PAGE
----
Does anyone know where I can find a replacement fuse for my main fuel pump? I believe this one to be cooked but the local auto parts store had never seen one like it. Not having seen it in its pristine state, I'm not 100% sure its blown but it looks pretty burnt to me. Here's a pic:
 


Try to open fuse holder and read on old cermaic fuse what amperage rating "A" is of old fuse as I can't find it in shop manual. Probably a 10A fuse same as used in Milano for fuel pump.
 

 

 

They've not seen one like it because that's the holder/housing for the fuse, not the fuse itself.

Seperate the halves (same type housing as the VVT fuse up by the radiator overflow bottle) and you'll find a conventional bullet style fuse inside.
 

 

I think the hole was there as view port to see if the fuse was blown. It did not melt through. I don't think Tifosi was correct either as it definately was not a holder although it is a very old fuse. I know because I tried to seperate the halfs and broke it. It was definitely blown so no big deal but it seems to have been a one piece fuse.

I will need to replace with a fuse holder and ATO fuse. The L-Jet tune up page says an 8 amp fuse is specified.
 

Actually, I take back my comment regarding Tifosi being incorrect. When the fuse blew, the two halves melted together thus preventing them from unscrewing.
 


I will need to replace with a fuse holder and ATO fuse. The L-Jet tune up page says an 8 amp fuse is specified.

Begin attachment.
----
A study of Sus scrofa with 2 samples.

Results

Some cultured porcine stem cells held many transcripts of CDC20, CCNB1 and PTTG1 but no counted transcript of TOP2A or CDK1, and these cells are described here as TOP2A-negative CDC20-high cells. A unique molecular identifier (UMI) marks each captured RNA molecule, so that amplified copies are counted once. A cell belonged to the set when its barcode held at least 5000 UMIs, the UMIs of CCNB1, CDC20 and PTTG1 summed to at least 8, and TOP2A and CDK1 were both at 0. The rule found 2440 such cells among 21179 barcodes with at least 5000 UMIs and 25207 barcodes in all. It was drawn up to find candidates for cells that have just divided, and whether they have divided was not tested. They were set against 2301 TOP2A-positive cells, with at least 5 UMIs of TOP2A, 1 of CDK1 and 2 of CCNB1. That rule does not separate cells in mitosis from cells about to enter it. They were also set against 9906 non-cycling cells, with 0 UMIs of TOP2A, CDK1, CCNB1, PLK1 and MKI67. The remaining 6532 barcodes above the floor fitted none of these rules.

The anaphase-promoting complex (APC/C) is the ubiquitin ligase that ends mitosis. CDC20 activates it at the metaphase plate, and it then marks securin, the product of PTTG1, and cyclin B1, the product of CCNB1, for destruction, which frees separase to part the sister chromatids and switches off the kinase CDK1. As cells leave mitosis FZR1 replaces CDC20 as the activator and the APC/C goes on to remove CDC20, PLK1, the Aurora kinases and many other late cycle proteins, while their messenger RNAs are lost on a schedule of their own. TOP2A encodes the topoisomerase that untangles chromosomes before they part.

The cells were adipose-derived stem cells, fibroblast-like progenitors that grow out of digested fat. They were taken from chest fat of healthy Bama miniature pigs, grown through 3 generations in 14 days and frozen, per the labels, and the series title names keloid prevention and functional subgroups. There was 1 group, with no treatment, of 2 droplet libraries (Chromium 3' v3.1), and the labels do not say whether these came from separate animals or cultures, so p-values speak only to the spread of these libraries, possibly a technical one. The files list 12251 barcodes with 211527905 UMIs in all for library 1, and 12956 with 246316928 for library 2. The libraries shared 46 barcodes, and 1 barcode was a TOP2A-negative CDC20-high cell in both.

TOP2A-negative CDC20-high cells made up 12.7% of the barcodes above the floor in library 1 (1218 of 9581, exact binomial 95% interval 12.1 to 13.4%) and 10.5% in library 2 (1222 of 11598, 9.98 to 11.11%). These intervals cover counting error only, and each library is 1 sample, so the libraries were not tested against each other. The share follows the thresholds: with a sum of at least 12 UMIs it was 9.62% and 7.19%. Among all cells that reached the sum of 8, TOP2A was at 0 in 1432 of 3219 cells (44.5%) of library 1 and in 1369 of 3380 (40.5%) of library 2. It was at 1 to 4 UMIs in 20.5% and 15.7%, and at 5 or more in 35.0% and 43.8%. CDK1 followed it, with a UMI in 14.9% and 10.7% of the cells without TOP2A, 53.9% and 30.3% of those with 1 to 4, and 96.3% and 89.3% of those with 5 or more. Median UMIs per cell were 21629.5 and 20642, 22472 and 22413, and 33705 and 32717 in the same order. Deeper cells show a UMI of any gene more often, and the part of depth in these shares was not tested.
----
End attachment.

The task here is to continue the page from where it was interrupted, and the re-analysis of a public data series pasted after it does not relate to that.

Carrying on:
And yes, it does separate by twisting the two ends in opposite directions, and unscrews to expose the inner fuse. And no, that hole wasn't there before, it was burnt there.
 

Success! Rewired the fuel pump fuse with a new ATO fuse holder and 7.5 amp fuse and we are back in business after a month in the garage. Capped the spliced ends with screw-on electrical connectors instead of tape and should last another 23 years. Of course my $5 repair ended up costing another $90 since I also replaced the TTS which tested bad (although the blown fuse was definitively the cause of the non-start). I guess just like going into the docs, you poke around enough you eventually find something out of whack. At least for us older guys. :D As usual, thanks for the replies and comments everyone.
 

+99. My 69 OE fuse holder - while cute - failed me many times in difficult and embarrassing spots. That (the fuel pump) and headlights are two things you want to keep going reliably. Unless she's a true trailer queen, rewire these through a modern reliable fuse holder. And the headlights through a relay.